Pixie problems notwithstanding, proxies are most often confused with ballots, absentee ballots and petitions.  Pre-cast ballots, absentee ballots and, in some circumstances, petitions, are means for the homeowner to cast a vote when he or she cannot be present for the actual vote.  Such votes are those of the homeowner himself or herself and not the vote of an appointed third party.  But not all association documents allow absentee ballots or pre-cast ballots.  The homeowner has to be present or vote by proxy. 

On the other hand, a proxy is a lot like a marriage certificate: it is a legal document that grants someone else the authority to make decisions you would ordinarily make.  A proxy allows the holder to vote as if the holder was the member or the homeowner, to decide how to exercise the vote, with no reservations on the authority.  A homeowner can grant a proxy for one particular vote or for all votes to be cast during the period the proxy is in force.  The homeowner can appoint any competent person as a proxy to act on the homeowner’s behalf, including non-members, a member of the board, the board itself, or a pixie, if one can be found.

Voting by proxy in all community association election is authorized in Section 47F-3-110(b) of the North Carolina General Statutes.  The statute is unequivocal:  “Votes allocated to a lot may be cast pursuant to a proxy duly executed by a lot owner.”  If anyone has a question about whether proxies are allowed in community association elections, the answer is “yes,” at least in associations subject to the Planned Community Act.  Furthermore the majority of association documents specifically allow voting by proxy.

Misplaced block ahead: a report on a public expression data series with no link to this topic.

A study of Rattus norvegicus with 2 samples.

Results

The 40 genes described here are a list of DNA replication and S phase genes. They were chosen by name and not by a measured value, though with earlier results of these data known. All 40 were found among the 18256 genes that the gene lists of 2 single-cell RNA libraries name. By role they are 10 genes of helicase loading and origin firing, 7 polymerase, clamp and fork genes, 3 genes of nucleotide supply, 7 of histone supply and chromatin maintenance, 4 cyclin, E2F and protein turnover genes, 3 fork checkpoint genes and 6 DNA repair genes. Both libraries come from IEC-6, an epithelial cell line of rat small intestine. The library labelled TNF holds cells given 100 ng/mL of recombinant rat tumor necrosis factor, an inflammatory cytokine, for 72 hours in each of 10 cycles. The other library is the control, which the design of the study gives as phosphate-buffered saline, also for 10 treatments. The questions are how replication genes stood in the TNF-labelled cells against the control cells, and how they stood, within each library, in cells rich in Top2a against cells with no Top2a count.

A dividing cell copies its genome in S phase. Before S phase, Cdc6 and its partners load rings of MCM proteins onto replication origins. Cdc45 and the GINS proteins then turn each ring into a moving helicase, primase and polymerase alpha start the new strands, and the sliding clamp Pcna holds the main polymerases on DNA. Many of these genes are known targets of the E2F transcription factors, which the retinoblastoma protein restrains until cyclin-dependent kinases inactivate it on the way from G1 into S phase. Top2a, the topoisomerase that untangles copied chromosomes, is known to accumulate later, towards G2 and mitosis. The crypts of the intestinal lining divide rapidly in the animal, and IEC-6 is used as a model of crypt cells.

In the community association context a proxy must be written as the statute requires it to be “duly executed,” which means signed by the homeowner granting the proxy.  The statue also requires that a proxy be dated, and it terminates after eleven (11) months if no shorter termination date is provided in the proxy itself.  If the homeowner wants to revoke the proxy before it terminates, the homeowner must give actual notice to the person presiding over a meeting of the association. 

Some associations also specifically allow the members to vote to amend documents or on other administrative matters by signing a petition or agreement.  These documents do not grant the holder the same right to act independently as does a proxy and they are not generally controlled by statute.  They are most like ballots or petitions, in that the vote is actually made by the member homeowner.

Anyone who has been charged with conducting an election in a community association knows that it is a challenge to secure enough interest and participation to ensure the vote is both legal and a fair representation of the wishes of the community.  Proxies, petitions and absentee ballots are tools the association may use to meet that challenge.

Rather than feel threatened by the use of proxies, association boards and managers should embrace their use because at least it means the member/homeowner is interested and paying attention.  Boards, managers, pixies, and idiotai can all appreciate increased community participation.